Honore Daumier, One Says That The Parisians . . . (1864)
There’s no epithet in the art world quite as damning or feared as “conservative.” Sounds dreadful, doesn’t it? The word carries with it the stale smell of convention, easily digested comforts and hidebound principles. (Forget politics; we’re talking aesthetics here.)
Certainly there’s no creature so roundly mocked by contemporary tastemakers. People twist themselves into knots trying to avoid the label. After all, doesn’t history teach us that regard for precedent and suspicion of novelty are wrongheaded?
Well, to an extent, anyway. Modernism—or, more specifically, the avant-garde—insisted that art must push boundaries and question definitions about the nature of the art object itself. The hapless fate of those who stood against modernism’s challenges to established taste has left an indelible impression on artists, curators, dealers, critics and—that most enigmatic of all things—the general audience.
The innovations of modernism were met originally with fierce opposition and eventually with (wait for the beat) utter acceptance. Resistance is futile: Outrage is the norm. That’s the moral of the story and the law of contemporary culture. Thus the avant-garde becomes incapable of genuinely revolutionizing form or taste. The cutting edge simply plays to an audience feigning shock for the sake of feigning shock.
Marcel Duchamp had the integrity to mock those who mistook his provocations for art. But then Robert Rauschenberg and Jasper Johns made Duchamp’s gadfly cynicism safe for the masses. Predigested, vacuum-packed and eminently consumable, Dadaism is now a gleaming parody of itself. The anti-aesthetic has become the mainstream for a subculture fueled by status, fashion and real estate. Shock has followed shock to ever-diminishing effect—or, rather, to huge profits.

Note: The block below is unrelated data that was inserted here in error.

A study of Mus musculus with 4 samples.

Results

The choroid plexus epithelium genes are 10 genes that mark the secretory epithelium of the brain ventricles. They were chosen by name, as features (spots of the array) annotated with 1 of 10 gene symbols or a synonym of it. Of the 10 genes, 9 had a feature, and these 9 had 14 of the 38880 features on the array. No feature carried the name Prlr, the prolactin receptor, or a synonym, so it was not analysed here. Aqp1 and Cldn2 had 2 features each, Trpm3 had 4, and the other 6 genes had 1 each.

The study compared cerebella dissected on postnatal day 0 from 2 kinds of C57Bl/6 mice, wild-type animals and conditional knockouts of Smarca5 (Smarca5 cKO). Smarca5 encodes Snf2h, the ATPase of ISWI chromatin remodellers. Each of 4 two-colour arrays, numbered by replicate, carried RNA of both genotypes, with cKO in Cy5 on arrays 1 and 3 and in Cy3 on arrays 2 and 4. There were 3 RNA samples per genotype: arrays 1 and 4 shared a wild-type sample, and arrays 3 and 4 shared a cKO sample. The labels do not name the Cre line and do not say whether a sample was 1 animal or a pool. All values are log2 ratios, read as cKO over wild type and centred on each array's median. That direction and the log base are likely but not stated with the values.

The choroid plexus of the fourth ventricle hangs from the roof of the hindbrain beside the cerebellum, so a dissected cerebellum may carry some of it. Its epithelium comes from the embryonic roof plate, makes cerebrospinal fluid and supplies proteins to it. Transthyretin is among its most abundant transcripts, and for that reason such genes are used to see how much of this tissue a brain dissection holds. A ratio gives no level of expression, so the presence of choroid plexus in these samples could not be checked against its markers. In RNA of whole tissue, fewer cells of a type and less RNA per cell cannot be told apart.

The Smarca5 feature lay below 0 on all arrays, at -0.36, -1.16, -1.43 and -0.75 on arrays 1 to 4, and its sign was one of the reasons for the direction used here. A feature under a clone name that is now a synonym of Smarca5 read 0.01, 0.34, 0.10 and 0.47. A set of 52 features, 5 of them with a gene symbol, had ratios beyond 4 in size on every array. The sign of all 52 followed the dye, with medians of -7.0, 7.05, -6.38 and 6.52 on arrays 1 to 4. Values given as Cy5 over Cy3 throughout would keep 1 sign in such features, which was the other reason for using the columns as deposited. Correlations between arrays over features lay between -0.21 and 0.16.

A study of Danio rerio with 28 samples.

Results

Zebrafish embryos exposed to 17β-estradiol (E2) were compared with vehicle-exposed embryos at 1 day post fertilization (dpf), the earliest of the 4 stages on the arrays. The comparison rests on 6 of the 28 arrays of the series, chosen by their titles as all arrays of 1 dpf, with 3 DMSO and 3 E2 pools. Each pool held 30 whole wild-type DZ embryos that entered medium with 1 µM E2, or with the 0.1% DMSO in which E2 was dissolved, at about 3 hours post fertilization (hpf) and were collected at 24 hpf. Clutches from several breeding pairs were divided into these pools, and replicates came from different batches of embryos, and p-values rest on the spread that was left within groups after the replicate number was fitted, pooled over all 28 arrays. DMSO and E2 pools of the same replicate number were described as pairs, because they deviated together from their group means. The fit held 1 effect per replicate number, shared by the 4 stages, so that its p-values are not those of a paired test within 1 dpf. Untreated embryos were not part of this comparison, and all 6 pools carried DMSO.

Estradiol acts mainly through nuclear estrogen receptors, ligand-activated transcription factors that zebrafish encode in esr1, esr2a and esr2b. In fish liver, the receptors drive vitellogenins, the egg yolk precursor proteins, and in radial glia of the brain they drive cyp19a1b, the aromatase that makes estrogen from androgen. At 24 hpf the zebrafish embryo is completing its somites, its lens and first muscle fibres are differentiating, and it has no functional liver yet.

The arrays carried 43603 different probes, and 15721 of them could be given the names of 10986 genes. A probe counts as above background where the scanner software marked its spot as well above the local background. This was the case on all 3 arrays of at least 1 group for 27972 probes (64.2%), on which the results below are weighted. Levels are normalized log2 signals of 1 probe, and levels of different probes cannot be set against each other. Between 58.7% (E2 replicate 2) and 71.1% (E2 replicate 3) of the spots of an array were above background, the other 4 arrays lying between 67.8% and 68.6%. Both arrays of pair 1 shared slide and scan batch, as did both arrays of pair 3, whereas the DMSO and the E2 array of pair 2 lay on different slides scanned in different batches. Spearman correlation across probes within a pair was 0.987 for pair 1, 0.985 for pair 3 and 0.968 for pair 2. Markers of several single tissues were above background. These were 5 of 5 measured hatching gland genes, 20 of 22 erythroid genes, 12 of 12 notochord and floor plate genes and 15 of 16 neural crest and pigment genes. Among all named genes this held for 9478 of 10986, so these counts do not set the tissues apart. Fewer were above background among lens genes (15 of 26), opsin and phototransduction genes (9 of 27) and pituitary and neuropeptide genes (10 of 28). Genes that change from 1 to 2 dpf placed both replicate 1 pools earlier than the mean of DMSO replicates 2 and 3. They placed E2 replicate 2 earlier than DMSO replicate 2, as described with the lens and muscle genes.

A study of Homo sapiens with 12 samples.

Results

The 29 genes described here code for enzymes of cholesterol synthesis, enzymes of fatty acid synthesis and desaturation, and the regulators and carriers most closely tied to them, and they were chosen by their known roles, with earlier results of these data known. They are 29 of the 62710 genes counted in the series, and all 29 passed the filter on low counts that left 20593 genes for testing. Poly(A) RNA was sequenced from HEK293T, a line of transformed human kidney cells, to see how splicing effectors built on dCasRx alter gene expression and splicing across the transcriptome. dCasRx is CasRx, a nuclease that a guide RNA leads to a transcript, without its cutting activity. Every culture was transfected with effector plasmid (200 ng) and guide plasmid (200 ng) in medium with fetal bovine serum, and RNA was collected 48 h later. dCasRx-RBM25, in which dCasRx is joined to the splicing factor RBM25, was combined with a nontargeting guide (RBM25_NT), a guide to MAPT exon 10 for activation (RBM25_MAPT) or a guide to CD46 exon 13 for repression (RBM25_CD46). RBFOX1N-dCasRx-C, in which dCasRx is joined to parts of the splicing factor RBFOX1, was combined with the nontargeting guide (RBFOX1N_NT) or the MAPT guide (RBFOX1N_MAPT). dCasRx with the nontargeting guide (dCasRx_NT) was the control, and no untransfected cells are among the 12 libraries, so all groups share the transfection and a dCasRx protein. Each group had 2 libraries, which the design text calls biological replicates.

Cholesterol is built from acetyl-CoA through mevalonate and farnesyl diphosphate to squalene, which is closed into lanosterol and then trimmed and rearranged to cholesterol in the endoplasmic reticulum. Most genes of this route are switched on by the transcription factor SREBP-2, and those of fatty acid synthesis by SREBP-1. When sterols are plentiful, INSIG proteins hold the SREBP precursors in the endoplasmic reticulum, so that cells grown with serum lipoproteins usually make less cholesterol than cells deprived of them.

Thumbing one’s nose at culture has become especially lucrative as the art scene has become ever more entwined with showbiz. Enabling critics are, at worst, capitalist stooges and, at best, flatterers to the court. Should we ask hard questions about the artistic legitimacy of the latest transgression? Let’s not. Better to be an easy lay than to wonder if the sex you’re having is any good.
“Conservative,” then, is just a slur used to prop up a rickety, glittery social network. It’s a conversation-stopper meant to quell dissent. Yet it’s also a more widely applicable term than you might think. Mark Stevens, the art critic for New York magazine, described the 2006 Whitney Biennial as “conservative at heart … [embodying] the well-worn conventions of our time.” Huey Lewis had it wrong, apparently: It’s square to be hip.
© 2006 Mario Naves
Originally published in the April 16, 2006 edition of The New York Observer.